Iraq to demand Kurdish oil money from Turkey

Iraq to demand Kurdish oil money from Turkey

Serkan Demirtaş
Iraq to demand Kurdish oil money from Turkey

‘Turkey is Iraq’s door to reach out to Europe,’ says Minister al-Jaafari. AA Photo

A senior Iraqi official has expressed the new Iraqi government’s intention to demand the money collected in a Turkish bank over the Kurdistan regional government’s unilateral sale of oil through Turkey that sparked a row between Ankara and Baghdad during Nouri al-Maliki’s rule.

“We know that our money is in safe hands. We have not raised this issue this time but it will be on the top of our agenda in our upcoming meeting with the Turkish side,” Iraqi Foreign Minister Ibrahim al-Jaafari told a group of journalists Nov. 7, on the last day of a three-day visit to Turkey. Al-Jaafari was the first senior Iraqi official to pay a visit to Ankara since Prime Minister Haidar al-Abadi formed a new government. The visit was described by both countries as the beginning of a new era in bilateral ties after a long period of tension due to al-Maliki’s sectarian policies.

Turkey’s deal with Iraqi Kurdistan Regional Government (KRG) to deepen energy cooperation and the sale of oil produced in northern Iraq to world markets through Turkey chilled ties between Ankara and Baghdad, prompting al-Maliki to file a complaint against Turkey at the Paris-based International Commerce Court (ICC). Because Baghdad and Arbil failed to reach a compromise over the sale of oil and revenue sharing, Ankara’s move to allow the sale of oil has been seen as violation of international law and the Iraqi Constitution.

Turkey, on the other hand, justified its actions with recourse to the Iraqi Constitution, which stipulates the distribution of oil revenues between the central and regional government in the proportion of 83-17.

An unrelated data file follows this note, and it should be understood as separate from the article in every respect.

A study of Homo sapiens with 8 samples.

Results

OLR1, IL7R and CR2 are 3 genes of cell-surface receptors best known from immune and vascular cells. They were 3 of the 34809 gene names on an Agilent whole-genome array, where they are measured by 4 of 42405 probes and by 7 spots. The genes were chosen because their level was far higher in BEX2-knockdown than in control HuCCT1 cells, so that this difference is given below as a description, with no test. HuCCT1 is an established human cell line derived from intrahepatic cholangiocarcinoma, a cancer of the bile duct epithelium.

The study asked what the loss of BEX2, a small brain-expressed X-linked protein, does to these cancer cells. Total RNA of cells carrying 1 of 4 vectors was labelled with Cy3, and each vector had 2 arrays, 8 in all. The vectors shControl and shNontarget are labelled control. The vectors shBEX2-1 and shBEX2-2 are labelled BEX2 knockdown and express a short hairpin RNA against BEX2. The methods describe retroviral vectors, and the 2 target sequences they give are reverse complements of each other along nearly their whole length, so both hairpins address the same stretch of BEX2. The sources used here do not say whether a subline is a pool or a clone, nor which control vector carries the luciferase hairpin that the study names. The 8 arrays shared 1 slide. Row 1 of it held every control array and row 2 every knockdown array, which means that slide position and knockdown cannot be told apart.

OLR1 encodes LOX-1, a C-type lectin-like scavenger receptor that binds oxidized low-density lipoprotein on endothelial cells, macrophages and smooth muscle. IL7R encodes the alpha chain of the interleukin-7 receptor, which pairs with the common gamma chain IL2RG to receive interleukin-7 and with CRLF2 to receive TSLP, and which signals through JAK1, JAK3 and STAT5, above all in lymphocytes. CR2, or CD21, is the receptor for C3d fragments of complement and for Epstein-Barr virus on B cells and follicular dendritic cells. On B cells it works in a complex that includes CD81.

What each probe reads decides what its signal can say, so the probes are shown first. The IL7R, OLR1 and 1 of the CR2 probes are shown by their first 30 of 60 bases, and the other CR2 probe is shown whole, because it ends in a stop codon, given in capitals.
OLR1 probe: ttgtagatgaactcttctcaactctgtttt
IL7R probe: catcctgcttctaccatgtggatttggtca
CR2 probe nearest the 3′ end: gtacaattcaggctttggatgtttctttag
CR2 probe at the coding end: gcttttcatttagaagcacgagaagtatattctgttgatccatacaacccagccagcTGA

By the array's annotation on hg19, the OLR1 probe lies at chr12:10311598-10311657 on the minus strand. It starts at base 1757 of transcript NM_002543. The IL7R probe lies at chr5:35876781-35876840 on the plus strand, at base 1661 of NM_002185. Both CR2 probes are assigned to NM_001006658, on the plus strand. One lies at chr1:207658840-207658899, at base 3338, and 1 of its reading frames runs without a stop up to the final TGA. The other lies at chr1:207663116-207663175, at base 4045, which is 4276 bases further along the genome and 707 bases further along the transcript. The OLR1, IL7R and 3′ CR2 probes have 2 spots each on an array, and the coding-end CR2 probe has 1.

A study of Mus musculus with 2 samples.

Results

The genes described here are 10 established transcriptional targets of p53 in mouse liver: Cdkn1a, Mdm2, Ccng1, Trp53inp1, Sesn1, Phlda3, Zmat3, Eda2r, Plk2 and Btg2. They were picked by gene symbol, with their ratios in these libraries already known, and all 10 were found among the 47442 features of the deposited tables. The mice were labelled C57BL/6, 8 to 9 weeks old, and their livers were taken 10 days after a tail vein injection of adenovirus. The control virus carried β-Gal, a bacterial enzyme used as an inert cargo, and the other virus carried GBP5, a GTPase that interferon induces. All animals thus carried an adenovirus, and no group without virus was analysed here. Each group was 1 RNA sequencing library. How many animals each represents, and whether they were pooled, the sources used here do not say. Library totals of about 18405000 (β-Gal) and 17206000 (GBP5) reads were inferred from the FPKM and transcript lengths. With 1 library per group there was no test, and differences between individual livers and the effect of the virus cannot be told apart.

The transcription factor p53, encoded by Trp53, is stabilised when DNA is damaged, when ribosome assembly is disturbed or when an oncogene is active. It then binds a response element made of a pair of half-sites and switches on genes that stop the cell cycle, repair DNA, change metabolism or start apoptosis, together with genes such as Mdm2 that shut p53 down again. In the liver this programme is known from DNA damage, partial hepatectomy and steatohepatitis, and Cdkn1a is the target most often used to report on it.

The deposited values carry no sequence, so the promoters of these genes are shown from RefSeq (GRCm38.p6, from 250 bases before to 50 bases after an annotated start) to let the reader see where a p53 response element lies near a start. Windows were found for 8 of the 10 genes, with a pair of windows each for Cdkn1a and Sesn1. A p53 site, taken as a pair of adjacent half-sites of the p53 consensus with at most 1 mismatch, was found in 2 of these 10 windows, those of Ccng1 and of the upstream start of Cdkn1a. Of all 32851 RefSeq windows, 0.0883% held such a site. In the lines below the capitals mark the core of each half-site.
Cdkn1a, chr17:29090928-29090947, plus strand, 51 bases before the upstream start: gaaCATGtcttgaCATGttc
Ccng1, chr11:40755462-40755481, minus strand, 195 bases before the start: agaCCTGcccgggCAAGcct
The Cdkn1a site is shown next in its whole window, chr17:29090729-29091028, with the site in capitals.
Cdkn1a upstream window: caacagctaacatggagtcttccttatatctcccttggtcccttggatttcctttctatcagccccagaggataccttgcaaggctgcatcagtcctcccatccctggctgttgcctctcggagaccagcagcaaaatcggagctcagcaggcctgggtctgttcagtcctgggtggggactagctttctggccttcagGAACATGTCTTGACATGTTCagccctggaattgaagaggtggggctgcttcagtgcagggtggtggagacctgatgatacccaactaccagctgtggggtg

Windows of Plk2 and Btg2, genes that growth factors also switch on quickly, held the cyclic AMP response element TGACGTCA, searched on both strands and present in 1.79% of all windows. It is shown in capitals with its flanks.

Reports suggested that the KRG could export oil in 12 different shipments but the amount of money blocked at Turkey’s Halkbank is not known.

Prime Minister Ahmet Davutoğlu will visit Baghdad soon for a high-level meeting, al-Jaafari said, adding that al-Abadi would conduct a return visit in coming months. The two countries are planning to revitalize a high-level strategic cooperation council where opportunities to intensify cooperation in the fields of energy, trade, transportation and others will be explored.

‘No oil crisis with Turkey’

Al-Jaafari’s statement that Iraq would demand money from Turkey does not indicate unease between Ankara and Baghdad. To the contrary, the top Iraqi diplomat strongly underlined that the new government saw Turkey as a key partner in the region when it comes to transporting oil and natural gas to European markets. “Turkey is Iraq’s door to reach out to Europe. Iraq is to produce oil and natural gas and Turkey to become the main transit route to transfer them to Europe,” he said.

However, al-Jaafari also underlined his government’s demand that all oil and natural gas sales be made within the parameters of the Iraqi Constitution, which gives the sole authority to the central government in dealing with the national reserves of the country.

“We move within the frame of the Iraqi Constitution. In the past, there were extraordinary conditions. But now there is no crisis between Turkey and Iraq on this issue,” he said, reiterating that this issue with Turkey was now over.

“Iraq’s oil and natural gas are riches belonging to all Iraqis. The central government has the control over all of them with the task of selling and distributing revenues to federal regions in the proportion of their population,” he said. 

Al-Jaafari stressed again and again that the oil issue was “the internal matter of Iraq” and would be solved between Baghdad and Arbil.

A meeting between Iraqi President Fuad Masum and KRG President Masoud Barzani took place on Nov. 5 in Arbil with the objective of finding a solution to the current problems between the central and regional governments.

Turkey-Iraq ties must be used for peace

Al-Jaafari’s three-day visit was important from various dimensions, particularly in terms of regional necessities. At a time when the international community has been actively and militarily mobilized to defeat the threat posed by the Islamic State of Iraq and the Levant (ISIL), a fresh rapprochement between Turkey and Iraq was inevitable. Both countries are suffering from the threat of terrorism, and al-Jaafari said Iraq was seeking to enhance its cooperation with Turkey against the menace.  

It is of great significance for Turkey and Iraq to develop a sound, sustainable and fruitful relationship for not only the good sake of their people but of all the Middle East. Strong bonds between Turkey and Iraq would establish a good first step in the international campaign to defeat ISIL terrorism and help stabilize the entire region.